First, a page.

In his article at Huffington Post by Dan Agin makes the point that the scribes who wrote out books by hand also thought the gig would never end, just like current publishers who keep repeating the mantra that paper books will never die. The biggest thing slowing down the demise of paper books is the prohibitively priced Kindle, but according to Agin, that's a done deal too as Amazon has free software you can download to read ebooks on your PC or laptop. And besides any technology company worth a grain of salt is busy as I speak developing their own form of the Kindle so the prices for the readers are bound to crash soon making them available to most folks.
But Agin warns-It's tragic because when an industry dies because of corporate blindness, people do get hurt. When the automobile put the horse and carriage trade out of business, blacksmiths and carriage makers became irrelevant overnight. But before that happened people were up to their eyeballs in media baloney that the automobile was only a fad.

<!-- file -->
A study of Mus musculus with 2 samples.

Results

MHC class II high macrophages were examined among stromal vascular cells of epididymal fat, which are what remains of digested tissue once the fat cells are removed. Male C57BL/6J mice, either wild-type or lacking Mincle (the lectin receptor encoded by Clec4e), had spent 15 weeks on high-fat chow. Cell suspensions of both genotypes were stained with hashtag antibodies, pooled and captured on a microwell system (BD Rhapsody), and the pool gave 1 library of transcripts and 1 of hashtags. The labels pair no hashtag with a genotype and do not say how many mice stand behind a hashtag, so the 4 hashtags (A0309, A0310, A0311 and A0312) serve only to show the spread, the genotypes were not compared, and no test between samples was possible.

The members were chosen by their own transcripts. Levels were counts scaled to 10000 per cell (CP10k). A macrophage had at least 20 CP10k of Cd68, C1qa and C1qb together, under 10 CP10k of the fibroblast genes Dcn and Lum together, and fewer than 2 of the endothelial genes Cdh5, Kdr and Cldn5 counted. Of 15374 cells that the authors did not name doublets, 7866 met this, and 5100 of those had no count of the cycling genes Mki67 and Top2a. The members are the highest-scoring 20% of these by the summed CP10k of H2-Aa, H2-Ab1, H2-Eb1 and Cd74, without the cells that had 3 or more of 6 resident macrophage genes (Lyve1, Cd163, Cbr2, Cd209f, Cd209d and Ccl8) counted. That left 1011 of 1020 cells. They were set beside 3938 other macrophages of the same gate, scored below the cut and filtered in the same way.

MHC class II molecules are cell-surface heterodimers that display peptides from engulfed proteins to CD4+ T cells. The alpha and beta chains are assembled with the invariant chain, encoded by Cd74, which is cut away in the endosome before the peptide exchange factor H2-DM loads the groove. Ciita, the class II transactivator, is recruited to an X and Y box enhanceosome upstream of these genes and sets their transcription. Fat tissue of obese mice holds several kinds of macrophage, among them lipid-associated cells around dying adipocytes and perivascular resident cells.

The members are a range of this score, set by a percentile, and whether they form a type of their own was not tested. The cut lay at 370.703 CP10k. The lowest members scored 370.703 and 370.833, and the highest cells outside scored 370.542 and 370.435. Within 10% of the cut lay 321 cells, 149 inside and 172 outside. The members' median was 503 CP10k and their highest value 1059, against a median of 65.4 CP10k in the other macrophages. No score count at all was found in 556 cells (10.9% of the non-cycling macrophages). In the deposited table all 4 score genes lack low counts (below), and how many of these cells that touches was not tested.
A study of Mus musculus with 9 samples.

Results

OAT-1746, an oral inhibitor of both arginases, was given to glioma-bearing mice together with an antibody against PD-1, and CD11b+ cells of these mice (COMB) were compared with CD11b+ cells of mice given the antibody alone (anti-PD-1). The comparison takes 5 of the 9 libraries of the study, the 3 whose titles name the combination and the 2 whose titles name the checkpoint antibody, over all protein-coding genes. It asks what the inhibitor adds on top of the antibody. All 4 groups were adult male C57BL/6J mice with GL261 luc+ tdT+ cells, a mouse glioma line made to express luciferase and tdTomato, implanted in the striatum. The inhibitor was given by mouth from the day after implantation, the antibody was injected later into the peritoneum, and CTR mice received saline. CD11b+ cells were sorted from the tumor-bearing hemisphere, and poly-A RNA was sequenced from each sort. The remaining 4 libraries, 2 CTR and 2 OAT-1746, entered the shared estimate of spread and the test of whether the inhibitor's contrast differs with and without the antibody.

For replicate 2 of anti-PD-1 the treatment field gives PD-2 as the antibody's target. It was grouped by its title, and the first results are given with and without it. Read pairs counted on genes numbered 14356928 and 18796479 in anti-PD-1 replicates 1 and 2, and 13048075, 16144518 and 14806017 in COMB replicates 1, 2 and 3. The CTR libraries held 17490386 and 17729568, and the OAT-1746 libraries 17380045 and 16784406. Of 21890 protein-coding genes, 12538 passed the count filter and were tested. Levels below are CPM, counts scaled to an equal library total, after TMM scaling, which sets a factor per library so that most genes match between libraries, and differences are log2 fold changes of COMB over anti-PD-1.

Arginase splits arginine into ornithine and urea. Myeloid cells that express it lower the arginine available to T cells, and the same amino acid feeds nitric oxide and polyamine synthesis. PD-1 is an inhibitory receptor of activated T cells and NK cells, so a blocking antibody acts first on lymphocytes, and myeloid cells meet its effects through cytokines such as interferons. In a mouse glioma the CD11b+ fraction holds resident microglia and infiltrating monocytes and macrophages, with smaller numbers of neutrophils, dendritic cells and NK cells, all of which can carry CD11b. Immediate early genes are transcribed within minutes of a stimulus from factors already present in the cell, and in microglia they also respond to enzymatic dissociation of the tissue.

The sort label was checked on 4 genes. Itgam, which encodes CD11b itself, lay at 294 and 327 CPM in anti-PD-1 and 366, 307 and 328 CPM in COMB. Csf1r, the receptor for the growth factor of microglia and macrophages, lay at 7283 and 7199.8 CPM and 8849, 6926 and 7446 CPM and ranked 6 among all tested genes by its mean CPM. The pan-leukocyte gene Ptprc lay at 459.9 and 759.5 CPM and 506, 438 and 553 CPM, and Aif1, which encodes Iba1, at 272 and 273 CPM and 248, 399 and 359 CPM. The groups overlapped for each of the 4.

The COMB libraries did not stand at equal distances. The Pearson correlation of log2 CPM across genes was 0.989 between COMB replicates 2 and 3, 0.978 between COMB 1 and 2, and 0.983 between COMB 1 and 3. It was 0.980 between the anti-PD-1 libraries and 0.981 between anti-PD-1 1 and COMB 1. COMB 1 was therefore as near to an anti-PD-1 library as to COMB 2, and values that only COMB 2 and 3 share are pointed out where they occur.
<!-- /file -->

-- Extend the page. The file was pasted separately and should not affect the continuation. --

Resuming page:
As writers we need to look at the situation clearly using our business brains. How do we get the best possible position in this new game? Already there are many pluses. To start with- 50% (and sometimes more) royalties on ebooks. Having to pay publicists, for sure, and agents, perhaps, from your slice of the pie may fall away too. As writers we will have much more control over sales. If we have a blog or website, which most of us do, we can set up a bookstore in minutes. There will be no more worrying if your book is shelved cover out or spine out or if it has made it into the storefront window. Blog book tours will be the norm rather than the exception.
It is time to let go and accept the future. For writers, at least from my perspective, things are looking pretty bright.